Brazil's interim President Michel Temer gestures during the inauguration ceremony of new presidents of state companies, at the Planalto Palace in Brasilia, June 1, 2016.

Interim President Michel Temer vowed on Wednesday not to cut spending on health and education but warned that sacrifices are needed to balance Brazil's public accounts and restore economic growth.

"There is no longer any room in Brazil for a bloated and inefficient state," he said at a ceremony where the new heads of state banks and state-run oil company Petrobras took office.

Temer, who replaced suspended leftist President Dilma Rousseff last month when she stepped down to face a trial in the Senate, criticized the state of the country he inherited, with 11 million unemployed, stubbornly high inflation and a massive budget deficit.

Latin America's largest economy shrank for a fifth straight quarter in early 2016 as a political crisis and sweeping corruption scandal centered on Petrobras weighed on activity, government data showed on Wednesday. Gross domestic product fell 5.4 percent from a year earlier.

Since taking over on May 12, Temer said he had proposed a positive agenda of "national reconstruction," reduced the size of government by having a smaller Cabinet and won approval from Congress for a 2016 fiscal target that reflects a gaping budget deficit that Rousseff left.

He said he will soon send Congress a constitutional amendment limiting federal spending growth to the rate of inflation.

In a reversal of statements by his ministers that caused a public outcry, Temer said there will be no cuts to education and health programs.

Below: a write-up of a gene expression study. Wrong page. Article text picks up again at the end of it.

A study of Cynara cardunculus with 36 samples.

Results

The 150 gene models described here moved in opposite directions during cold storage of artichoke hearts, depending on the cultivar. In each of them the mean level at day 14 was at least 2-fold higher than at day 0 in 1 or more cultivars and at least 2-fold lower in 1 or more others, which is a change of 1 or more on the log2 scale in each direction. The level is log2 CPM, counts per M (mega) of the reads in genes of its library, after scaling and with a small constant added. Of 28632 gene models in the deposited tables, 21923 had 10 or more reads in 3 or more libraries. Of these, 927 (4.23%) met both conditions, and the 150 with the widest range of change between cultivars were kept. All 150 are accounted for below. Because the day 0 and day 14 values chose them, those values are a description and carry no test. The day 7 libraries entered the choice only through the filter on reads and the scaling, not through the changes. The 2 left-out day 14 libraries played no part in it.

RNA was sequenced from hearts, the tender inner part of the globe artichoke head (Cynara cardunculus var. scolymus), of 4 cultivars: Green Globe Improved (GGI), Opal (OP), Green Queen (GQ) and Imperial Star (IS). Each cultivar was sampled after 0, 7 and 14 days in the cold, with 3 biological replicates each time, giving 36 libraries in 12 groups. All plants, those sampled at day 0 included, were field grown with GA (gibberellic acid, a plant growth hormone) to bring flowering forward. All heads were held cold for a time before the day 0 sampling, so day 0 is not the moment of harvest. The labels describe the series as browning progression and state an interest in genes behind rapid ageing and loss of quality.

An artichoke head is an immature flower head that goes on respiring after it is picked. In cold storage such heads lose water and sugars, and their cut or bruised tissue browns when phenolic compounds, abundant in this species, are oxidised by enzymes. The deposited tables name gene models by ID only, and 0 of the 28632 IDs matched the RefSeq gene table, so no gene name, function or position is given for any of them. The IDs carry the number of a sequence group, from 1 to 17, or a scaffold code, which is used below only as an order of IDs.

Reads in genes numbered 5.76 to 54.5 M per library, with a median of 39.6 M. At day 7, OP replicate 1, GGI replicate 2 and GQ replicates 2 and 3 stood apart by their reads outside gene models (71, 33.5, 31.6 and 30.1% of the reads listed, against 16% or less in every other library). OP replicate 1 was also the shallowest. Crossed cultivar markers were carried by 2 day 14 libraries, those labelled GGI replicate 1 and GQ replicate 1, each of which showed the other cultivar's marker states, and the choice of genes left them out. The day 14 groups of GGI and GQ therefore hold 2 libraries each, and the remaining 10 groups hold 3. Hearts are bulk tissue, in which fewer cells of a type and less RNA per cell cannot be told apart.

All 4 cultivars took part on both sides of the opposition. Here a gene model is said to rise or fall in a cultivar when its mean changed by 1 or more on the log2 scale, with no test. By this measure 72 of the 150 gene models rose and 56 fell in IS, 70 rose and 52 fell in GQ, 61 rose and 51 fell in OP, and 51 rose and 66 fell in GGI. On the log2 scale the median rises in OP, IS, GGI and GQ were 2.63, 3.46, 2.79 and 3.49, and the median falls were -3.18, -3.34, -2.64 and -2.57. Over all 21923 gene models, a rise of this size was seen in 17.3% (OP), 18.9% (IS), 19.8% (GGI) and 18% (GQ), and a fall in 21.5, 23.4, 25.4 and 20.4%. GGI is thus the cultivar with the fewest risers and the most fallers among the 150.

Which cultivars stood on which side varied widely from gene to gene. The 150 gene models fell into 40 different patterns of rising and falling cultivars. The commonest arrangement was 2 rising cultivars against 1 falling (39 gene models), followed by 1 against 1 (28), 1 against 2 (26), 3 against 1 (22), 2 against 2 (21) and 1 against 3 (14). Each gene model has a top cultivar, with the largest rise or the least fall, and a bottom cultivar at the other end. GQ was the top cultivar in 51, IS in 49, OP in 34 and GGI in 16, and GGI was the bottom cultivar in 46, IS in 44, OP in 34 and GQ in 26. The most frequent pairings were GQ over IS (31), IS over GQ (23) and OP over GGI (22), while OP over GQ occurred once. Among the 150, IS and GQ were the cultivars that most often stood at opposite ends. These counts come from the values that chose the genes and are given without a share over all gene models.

Temer also promised to restore financial health to Petrobras , the world's most indebted oil company, which has struggled to tap vast offshore oil reserves.

Temer's man for the job, incoming Petrobras Chief Executive Pedro Parente, said political interference in the company would end. He said fuel prices will be decided according to the company's interests and not government priorities.
Petrobras will sell assets to reduce its debt and not rely on a government bailout, Parente told reporters.

Political appointments have hobbled Petrobras and spawned a sprawling graft and bribery scheme exposed by a groundbreaking investigation that has jailed executives and targeted senior politicians.

Two members of Temer's maiden Cabinet, including former Planning Minister Romero Juca, had to resign within days after leaked recordings suggested they tried to derail the corruption investigation.

Other Cabinet members have been mentioned in plea bargain statements by defendants, raising concern that other ministers could be implicated.

Temer promised that his government will not interfere at all in the Petrobras investigation.